When did the violence in Baltimore start, again?


Discourse is a foundational principle in the sociology of knowledge. It could be described as the genetics of knowledge. On the one hand, discourse is the way we share our knowledge, through discussion, of some aspect of the world in which we live. However, our discourse is shaped through social contexts that we learn through the dominant institutions in which we have been socialized and the reference groups from which we define our identies and derive our sense of self. So Americans, socialized through American institutions, but belonging to, say political ideologies such as liberal or conservative, learn the discourses of these institutions (American) and reference groups (liberal) and pass them on to others. So, like genes, discursive formations are self replicating; they both shape and are shaped by how we perceive the world.

And, like genes, every time this process takes place, there may emerge subtle innovations, tiny adaptations in how we pass knowledge on that may be of no significance, but may, over time, lead to significant changes in our understanding of our life experience. It’s in shaping these little adaptations, seeking greater insight and personal liberation from the very ideas that bind us, that is the mission of many in my particular field. It is also the undercurrent of this, and every other blog posted on the Mad Sociologist.

That little aside being said, since discourse is such a foundational element in this field, the resultant discursive formations, the actual patterns by which we make our ideas known, are a locus for analysis. A great deal can be learned by listening to what is said, how it is said, and for the very attentive, what is not being said. So, for the reader, I offer a little exercise in discursive analysis based on how we describe the protests and riots in Baltimore. Ask yourselves how these discursive formations contribute to the perpetuation of the very injustices that have led us to this point.

The easiest discourse to identify is in how the “rioting” that has taken place in Baltimore, Ferguson, and cities throughout the nation are conflated with the “protests” that have also taken place.In our discourse of this particular trend it is taken for granted that the riots, and the looting are part and parcel with the protest movements–they are one and the same. Part of this is merely a reflection of the latent function of the media. Footage of rioters simply sells more advertising space than does footage of protesters peacefully assembling. Images of angry, desperate people throwing bricks through storefronts is much more dramatic than a montage of equally angry and desperate people boarding up their business after being ravaged by non-photogenic economic forces.

Such exclusive discourse, however, does serve to delegitimize the movement in the eyes of others. Consequently, there is a rational incentive for corporate owned media to spin a narrative that discredits a movement which is, at its core, about economic equality and justice as much as it is about race.

To me, however, the most telling a aspect of discursive formations around such protests and collective behavior is in how they reveal our blindness for, and consequent tacit approval of, state violence. We can see this blindness in how we describe and decry the riots as the beginning of the violence. Often this is framed in such terms that blame the riots for bringing violence to an otherwise peaceful civic issue. People often recognize that the violence began when the riots started, forgetting, of course, that the violence began when police officers shot and killed unarmed men, or broke the spine of someone whom they had arrested over bogus charges. Every single one of these protests began as a result of state violence. This is forgotten in the discourse.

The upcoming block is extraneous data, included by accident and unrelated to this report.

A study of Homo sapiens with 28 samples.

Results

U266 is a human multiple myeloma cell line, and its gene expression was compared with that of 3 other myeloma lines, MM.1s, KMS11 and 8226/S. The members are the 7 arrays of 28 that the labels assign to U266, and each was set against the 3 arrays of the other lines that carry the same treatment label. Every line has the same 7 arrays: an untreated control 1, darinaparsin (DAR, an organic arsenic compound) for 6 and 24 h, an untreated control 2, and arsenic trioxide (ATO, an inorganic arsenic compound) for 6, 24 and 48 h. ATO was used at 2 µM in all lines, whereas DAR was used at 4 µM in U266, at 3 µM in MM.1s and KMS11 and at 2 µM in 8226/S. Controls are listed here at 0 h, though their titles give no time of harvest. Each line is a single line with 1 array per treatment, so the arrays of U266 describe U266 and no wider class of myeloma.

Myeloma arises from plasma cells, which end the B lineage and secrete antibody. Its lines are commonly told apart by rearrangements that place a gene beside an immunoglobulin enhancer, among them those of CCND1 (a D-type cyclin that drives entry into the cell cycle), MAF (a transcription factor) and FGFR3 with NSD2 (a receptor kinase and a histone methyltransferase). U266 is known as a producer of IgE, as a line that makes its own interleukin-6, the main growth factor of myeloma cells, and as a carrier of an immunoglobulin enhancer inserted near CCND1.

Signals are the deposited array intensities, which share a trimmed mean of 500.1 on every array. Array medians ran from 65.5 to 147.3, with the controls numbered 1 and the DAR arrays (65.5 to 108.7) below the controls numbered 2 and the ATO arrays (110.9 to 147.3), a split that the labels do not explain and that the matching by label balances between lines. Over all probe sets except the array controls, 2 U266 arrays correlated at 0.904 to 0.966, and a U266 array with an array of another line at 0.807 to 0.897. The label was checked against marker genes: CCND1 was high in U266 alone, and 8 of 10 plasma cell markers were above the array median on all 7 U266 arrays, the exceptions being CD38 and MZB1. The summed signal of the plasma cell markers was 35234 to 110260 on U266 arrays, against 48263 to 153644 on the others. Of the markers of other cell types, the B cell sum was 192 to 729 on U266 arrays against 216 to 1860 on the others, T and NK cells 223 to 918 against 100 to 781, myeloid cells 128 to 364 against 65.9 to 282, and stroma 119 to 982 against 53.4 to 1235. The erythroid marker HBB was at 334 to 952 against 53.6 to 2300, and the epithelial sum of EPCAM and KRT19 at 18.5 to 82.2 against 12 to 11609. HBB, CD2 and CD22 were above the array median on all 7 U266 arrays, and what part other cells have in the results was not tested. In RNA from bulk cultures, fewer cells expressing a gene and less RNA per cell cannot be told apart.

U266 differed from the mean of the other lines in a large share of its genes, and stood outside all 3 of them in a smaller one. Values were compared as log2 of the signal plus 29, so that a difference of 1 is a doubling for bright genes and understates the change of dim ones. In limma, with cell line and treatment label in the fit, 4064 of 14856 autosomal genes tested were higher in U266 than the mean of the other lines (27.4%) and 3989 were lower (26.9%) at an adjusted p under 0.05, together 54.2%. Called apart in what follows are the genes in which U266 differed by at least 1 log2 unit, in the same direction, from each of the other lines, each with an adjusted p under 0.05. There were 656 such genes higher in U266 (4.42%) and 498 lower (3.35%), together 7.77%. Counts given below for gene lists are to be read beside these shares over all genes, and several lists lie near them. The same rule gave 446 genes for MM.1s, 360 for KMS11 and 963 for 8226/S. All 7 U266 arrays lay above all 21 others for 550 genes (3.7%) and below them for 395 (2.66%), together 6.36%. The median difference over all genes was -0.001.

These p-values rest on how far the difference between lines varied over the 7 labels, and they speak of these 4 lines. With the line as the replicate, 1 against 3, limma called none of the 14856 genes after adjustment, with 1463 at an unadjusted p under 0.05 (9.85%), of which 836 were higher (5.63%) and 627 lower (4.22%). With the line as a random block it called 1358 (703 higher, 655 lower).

Consequently, when the “violence starts,” there is an outcry from every corner of the society for the protesters to calm down, to get control, to be “civil” in their discourse. This is a marked contradiction, for there is relatively little call for the police to calm down and, oh I don’t know, not crush the spines of those whom they have in custody. Silence about state violence also prevails when the police brutally assault protesters and even members of the press without cause.

It’s also important to point out that police violence against individuals like Freddie Gray, Tamir Rice, Eric Garner or Mike Brown is only the catalyzing event, the tip of the iceberg. The real roots of the protests and concomitant riots is the perpetuation of state violence over years, even generations. This violence took the form of police exploitation and brutality, but also social and economic marginalization of these communities. This  latter is just as ruinous to the lives and the health of individuals as is any beating with batons and tasers or subjugation with bullets.

Lost, or buried in our discourse is the fact that rioting communities are responding to violence, not causing it. This violence exists at every level of community life. And, yes, the response to violence is, very often, further violence.

This isn’t to justify rioting and looting. The goal of this post is to understand what motivates this peculiar form of collective behavior.  Erasing the reality of state violence from the collective consciousness will contribute nothing to finding solutions for the very social ills that are contributing to this spreading crisis. If we are to have a conversation about violence, we cannot look at what could be referred to a “civic violence” on the part of communities in isolation from the more prevalent state violence.

If we, as a society, truly believe that violence is the wrong response on the part of the people to perceived injustices, then we might question the role of violence perpetrated by the state to perceived crimes.